Arrow-right Camera
The Spokesman-Review Newspaper

The Spokesman-Review Newspaper The Spokesman-Review

Spokane, Washington  Est. May 19, 1883
Clear Day 61° Clear
News >  Crime/Public Safety

Father of 1-year-old girl who died of fentanyl overdose arrested on suspicion of murder

UPDATED: Wed., Jan. 19, 2022

The father of a toddler who died of a fentanyl overdose late last year now faces numerous charges related to her death, including murder.

Frank R. Marusic, 31, was arrested on Dec. 16 for suspicion of six drug related charges.

On Jan. 14, seven additional charges were added in Spokane County Superior Court, including second-degree murder and possession of a controlled substance.

Spokane Police Detectives conducted multiple drug-buys from Marusic with a confidential informant starting in early September and continuing throughout the month, according to court documents.

Then on Dec. 4, multiple people at Marusic’s residence called 911 when his 17-month-old daughter was found not breathing, according to court documents.

The toddler’s mother told first responders that the couple’s roommate administered Narcan to the young girl, according to court documents. Narcan, which is a brand of naloxone, is used as an emergency treatment of known or suspected opioid overdose.

After three days in the hospital, the toddler was declared brain dead and taken off life support, according to court documents.

A drug screening done by the Spokane County Medical Examiner’s Office revealed fentanyl in the girl’s system, court documents show.

Police responded to the hospital and began investigating the toddler’s condition shortly after she was admitted.

Marusic’s account of how the toddler was found and what had happened changed numerous times during multiple police interviews and recorded phone conversations from the Spokane County Jail, according to court documents.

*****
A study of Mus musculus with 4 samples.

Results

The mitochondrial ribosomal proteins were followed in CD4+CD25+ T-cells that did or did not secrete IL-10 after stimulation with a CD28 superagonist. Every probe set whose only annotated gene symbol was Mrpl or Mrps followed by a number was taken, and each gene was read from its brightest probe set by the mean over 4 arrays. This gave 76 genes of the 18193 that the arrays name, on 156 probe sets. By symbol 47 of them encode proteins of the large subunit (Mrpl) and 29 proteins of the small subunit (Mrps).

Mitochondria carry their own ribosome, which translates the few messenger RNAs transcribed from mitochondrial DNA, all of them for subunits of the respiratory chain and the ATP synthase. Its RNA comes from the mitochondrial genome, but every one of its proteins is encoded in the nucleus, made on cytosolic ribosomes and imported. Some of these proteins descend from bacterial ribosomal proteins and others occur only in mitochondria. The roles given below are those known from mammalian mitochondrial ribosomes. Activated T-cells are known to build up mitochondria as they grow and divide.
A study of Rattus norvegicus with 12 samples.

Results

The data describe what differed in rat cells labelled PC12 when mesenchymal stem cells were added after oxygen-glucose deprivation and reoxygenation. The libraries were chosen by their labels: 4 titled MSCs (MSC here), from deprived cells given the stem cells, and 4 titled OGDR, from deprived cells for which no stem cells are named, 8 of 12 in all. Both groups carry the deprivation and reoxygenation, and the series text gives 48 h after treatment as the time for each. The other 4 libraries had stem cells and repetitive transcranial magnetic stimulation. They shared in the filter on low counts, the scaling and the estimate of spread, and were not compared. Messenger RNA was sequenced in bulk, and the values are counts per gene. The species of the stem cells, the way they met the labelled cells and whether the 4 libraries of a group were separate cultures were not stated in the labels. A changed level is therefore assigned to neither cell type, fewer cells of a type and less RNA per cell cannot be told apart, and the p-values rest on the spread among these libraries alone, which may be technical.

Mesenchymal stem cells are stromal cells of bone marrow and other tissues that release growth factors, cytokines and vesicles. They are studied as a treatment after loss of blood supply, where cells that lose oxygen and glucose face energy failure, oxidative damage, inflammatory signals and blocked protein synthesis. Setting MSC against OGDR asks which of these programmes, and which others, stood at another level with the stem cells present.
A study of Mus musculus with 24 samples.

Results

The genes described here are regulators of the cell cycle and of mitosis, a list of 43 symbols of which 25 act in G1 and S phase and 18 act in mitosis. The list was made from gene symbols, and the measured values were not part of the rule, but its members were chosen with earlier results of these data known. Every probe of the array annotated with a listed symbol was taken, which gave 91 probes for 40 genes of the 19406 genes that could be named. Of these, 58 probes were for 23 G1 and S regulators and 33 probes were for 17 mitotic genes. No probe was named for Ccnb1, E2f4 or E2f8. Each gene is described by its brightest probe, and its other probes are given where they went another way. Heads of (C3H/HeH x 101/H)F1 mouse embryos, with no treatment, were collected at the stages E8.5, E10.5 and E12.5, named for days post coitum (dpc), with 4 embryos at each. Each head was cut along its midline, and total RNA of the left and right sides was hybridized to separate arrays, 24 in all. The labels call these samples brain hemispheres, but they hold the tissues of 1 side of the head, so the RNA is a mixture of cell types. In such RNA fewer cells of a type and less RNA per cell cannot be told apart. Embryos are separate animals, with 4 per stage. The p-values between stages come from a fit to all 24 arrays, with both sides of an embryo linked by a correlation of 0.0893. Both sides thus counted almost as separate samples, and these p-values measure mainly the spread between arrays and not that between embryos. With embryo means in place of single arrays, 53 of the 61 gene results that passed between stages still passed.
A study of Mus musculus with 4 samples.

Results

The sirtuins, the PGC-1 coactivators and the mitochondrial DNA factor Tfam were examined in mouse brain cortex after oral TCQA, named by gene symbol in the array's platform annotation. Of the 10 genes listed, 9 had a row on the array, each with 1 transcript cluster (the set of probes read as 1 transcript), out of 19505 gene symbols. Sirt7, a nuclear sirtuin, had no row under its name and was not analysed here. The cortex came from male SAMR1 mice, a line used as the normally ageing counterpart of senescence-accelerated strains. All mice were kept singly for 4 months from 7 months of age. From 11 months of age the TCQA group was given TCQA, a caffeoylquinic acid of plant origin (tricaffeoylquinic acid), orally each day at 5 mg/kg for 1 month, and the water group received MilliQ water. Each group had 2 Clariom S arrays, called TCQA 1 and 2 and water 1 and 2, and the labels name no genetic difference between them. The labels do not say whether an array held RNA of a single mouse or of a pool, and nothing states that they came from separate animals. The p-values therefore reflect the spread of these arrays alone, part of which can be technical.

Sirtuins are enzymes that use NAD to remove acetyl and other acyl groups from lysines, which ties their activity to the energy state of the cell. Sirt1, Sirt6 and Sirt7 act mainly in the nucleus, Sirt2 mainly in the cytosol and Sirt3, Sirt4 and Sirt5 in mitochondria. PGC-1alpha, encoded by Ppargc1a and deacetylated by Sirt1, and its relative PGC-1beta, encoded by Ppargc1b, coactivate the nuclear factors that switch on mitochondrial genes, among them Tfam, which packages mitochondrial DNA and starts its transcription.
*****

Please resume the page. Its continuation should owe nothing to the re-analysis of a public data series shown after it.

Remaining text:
Witnesses and the toddler’s parents told police she was found unresponsive in the living room, according to court documents. The mother screamed for help and the couple’s roommate called 911 before beginning CPR, according to court documents.

Marusic then gave the roommate Narcan to give to the toddler, witnesses told police.

The roommate said both Marusic and his girlfriend liked to dabble with mexi-blues, a pill made to look like prescription narcotics that often contains large amounts of fentanyl.

Marusic kept mexi-blues in a little candy container and had given some to the roommate two days earlier, she told police.

The roommate said she took care of the toddler and her 4-year-old brother for a few months when Marusic and his girlfriend had been unable to care for them, according to court documents.

The little girl also lived at her grandmother’s house for a time, the roommate told police. The toddler and her brother would visit the house where the roommate lived with Marusic and his girlfriend on weekends.

When interviewed by police, Marusic said he had been sober for a few months and that his downstairs roommates were the ones who had fentanyl, according to court documents.

When police searched the house, they found drug paraphernalia, according to court documents.

Marusic gave varied statements to police on whether it was his idea or the roommate’s idea to give the toddler Narcan. At one point, Marusic told police he found the toddler with a burnt foil that had been used to smoke drugs, but since he didn’t see any residue on the foil, he didn’t worry, according to court documents.

None of the other residents of the home had been charged with crimes related to the incident as of Wednesday afternoon.

As of earlier this year, Marusic has three prior felony convictions, including robbery and domestic violence assault, according to court documents. He remains in the Spokane County Jail on more than a $1 million bond.

The Spokesman-Review Newspaper

Local journalism is essential.

Give directly to The Spokesman-Review's Northwest Passages community forums series -- which helps to offset the costs of several reporter and editor positions at the newspaper -- by using the easy options below. Gifts processed in this system are not tax deductible, but are predominately used to help meet the local financial requirements needed to receive national matching-grant funds.

Active Person

Subscribe now to get breaking news alerts in your email inbox

Get breaking news delivered to your inbox as it happens.